Tested by by Heinrich Kleyn (November/December 2008)
Contact 0800 926 242 for your nearest dealer.
Engine: 1 800cc
Dry weight: 355kg
Fuel capacity: 70 litres
Carrying capacity: 3 persons
THE recent steep fuel hikes and the high cost of living have driven many ski-boaters away from their normal 16ft or 19ft ski-boats and over to the jetski market. Not only do they save fuel on the jetski, but they can also do away with their fuel-guzzling 4×4 they needed to tow the ski-boat.
However, this is not the only reason jetskis have become so popular in recent years. They are of course fun for the whole family, but add to this all the recent upgrades, it’s now also easy to go fishing from a jetski. In fact, it’s incredible how much manufacturers now fit on a ski.
I was recently asked to test the SHO Yamaha jetski which is a good example of this type of craft.
These days most jetskis look very similar — it is just the colour, size of seating and size of engine that differs. My first impression of the SHO Yamaha was that it looks very stylish, and is fitted with all the necessary accessories to make fishing easy.
For a change the spring conditions were not too bad — the only thing we had to deal with was the huge swell. It was easy to overlook that handicap, though, and I was keen to see what the SHO could deliver.
LAUNCHING AND TRAILERING
The SHO I tested arrived on a stainless-steel trailer. It looks very good on the trailer and it would be interesting to see how the stainless-steel trailer withstands the test of time.
Pulling it onto the beach went smoothly and dropping it off on the water’s edge was also easy. While the trailer was being put away I managed to turn the SHO very easily in shallow water on my own.
After the test we ran the SHO onto the beach and loading it was nearly as easy as offloading. We just pushed the breakneck trailer to the front of the jetski and with the help of the hand winch it was pulled onto the trailer without any hassles.
The SHO comes fitted with a Yamaha 1.8 litre super-charged engine which is 300cc larger than any other PWC. It is also the only engine that runs on unleaded petrol, which saves on fuel costs. The craft is also 20.5kg lighter than similar-sized and powered craft thanks to the revolutionary material, NanoXcel, which Yamaha uses to form the hull, hull liner and deck of the SHO.
The SHO is lightning-fast, largely due to the lighter hull, no doubt. It is quick out the hole and the acceleration is just breathtaking. The amount of power it delivers takes some getting used to. It was impossible to reach its top end speeds in the conditions we experienced, but I would love to test it on flat water and see what I could get out of the SHO.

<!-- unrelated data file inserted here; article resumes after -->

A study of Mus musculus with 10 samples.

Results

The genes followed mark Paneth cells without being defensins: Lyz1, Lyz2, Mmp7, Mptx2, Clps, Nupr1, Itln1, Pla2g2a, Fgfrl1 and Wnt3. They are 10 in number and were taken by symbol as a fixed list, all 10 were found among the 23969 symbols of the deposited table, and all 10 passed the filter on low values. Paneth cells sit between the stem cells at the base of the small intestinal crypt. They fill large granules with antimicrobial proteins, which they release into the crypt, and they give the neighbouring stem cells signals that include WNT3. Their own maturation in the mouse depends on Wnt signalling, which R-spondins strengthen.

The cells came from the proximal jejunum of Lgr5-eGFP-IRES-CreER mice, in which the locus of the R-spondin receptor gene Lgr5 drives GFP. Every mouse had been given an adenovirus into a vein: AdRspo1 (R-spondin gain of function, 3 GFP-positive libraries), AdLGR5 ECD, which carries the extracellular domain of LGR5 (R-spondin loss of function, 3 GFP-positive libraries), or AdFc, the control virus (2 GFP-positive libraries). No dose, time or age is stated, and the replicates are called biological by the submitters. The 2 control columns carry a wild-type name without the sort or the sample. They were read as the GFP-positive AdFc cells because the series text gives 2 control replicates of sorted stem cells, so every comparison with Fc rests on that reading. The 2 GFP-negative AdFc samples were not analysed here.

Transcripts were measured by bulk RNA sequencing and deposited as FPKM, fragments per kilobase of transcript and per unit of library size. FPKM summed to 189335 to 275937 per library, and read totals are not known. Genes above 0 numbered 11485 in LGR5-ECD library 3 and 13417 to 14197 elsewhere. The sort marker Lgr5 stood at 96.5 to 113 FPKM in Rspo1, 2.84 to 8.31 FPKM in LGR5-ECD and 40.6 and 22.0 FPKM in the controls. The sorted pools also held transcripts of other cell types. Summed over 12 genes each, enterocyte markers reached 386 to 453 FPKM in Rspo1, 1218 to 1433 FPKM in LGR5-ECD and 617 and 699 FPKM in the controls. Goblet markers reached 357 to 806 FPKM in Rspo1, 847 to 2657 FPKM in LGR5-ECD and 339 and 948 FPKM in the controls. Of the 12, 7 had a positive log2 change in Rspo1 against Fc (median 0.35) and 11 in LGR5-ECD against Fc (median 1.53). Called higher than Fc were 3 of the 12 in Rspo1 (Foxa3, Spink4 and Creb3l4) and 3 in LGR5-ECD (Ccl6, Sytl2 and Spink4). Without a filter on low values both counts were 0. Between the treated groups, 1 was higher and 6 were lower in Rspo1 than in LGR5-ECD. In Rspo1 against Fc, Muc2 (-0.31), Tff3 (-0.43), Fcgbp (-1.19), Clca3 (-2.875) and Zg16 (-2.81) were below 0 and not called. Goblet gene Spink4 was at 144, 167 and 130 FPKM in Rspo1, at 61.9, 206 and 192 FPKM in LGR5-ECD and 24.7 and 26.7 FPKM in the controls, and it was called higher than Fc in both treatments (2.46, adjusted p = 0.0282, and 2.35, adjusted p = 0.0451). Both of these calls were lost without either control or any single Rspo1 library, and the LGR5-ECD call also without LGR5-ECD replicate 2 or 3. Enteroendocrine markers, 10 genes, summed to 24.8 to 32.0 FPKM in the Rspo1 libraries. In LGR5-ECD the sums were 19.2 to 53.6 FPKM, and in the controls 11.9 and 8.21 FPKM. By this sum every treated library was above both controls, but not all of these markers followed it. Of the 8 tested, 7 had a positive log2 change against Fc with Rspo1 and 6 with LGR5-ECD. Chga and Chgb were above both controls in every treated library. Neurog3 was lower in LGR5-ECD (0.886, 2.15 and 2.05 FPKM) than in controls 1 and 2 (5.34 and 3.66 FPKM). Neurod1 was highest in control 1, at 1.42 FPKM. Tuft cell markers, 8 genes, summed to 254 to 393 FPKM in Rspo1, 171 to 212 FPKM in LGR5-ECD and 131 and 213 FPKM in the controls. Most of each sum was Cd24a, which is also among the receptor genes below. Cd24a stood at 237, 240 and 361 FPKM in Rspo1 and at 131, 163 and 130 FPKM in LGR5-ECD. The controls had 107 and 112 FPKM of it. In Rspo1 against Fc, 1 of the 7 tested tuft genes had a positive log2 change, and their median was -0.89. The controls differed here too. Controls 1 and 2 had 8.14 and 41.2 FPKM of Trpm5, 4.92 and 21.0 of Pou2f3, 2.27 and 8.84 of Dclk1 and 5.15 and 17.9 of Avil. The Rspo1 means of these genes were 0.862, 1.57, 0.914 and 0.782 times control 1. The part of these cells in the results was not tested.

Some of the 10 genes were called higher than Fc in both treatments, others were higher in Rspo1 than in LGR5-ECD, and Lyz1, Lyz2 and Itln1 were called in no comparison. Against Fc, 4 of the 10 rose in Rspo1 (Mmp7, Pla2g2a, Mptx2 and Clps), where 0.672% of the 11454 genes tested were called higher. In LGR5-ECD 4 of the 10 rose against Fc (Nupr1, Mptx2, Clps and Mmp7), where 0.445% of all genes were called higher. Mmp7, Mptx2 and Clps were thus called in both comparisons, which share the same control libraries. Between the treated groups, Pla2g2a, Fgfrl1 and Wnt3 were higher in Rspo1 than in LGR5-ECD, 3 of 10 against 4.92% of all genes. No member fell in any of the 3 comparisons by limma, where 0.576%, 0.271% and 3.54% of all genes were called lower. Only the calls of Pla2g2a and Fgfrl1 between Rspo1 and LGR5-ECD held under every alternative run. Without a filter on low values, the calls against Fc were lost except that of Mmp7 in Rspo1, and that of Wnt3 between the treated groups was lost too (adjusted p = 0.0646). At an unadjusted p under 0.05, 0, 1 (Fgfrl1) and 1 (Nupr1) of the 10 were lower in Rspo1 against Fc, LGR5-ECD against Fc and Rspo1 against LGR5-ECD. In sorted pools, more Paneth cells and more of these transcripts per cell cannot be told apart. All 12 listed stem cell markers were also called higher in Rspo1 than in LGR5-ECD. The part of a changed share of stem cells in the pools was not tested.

This jetski comes with a cruise-assist setting that helps the operator maintain a constant speed. This improves the fuel economy and is good news for the fisherman. Now you can maintain trolling speed and your arms and hands won’t get tired from controlling the throttle.
The performance on this SHO was impressive, and I was particularly pleased with its stability at all times, whether trolling at low or high speed and even on the drift. Before the test I thought it would be difficult to maintain one’s balance when fighting a fish which requires one to move around quite a bit, but that was not the case at all. I moved around backwards, forwards and sideways, all with no problem. Her stability was impressive indeed.
The SHO can comfortably carry up to three people and has an adjustable steering to accommodate different size drivers. It also boasts a 100 litre storage space that includes a watertight compartment for anything that you need to keep dry. An added bonus is a remote-controlled security system that can be activated up to 30m away.
To make docking easier, the SHO has been fitted with pull-up cleats. It also has rod holders fitted at the back, but that could be changed to suit the individual. Right at the back the safety canister fits tightly into a stainless-steel holder that could also take another two upright fishing rods. The craft has a 70 litre fuel capacity.
Yamaha are justifiably proud of the SHO which boasts the first and only high compression-moulded performance hull and deck. The overall layout and design is superb, and it’s obvious Yamaha have put a lot into research and development into the design and finish of this jetski. And to match, the SHO’s bold style is backed up by its aggressive performance.
Any fisherman who wants to save fuel but also wants the luxury of being able to go fishing offshore without the hassle of having to manage a larger boat — whether on the trailer, on the beach or offshore — should have a look at this option. The jetski can be customised and fitted with everything you would have on a ski-boat, with the added advantage that you can handle it on your own. However, this one’s big enough that should you want company while out at sea, you can also take somebody with you to enjoy a day’s fishing.
The SHO is not only designed for fishing, but can also be used at the dam for a day out with the family. With all the extras that have been fitted onto the SHO, you could easily pull a kneeboard or even a wakeboard at a constant speed. The SHO is a definite yes for the whole family.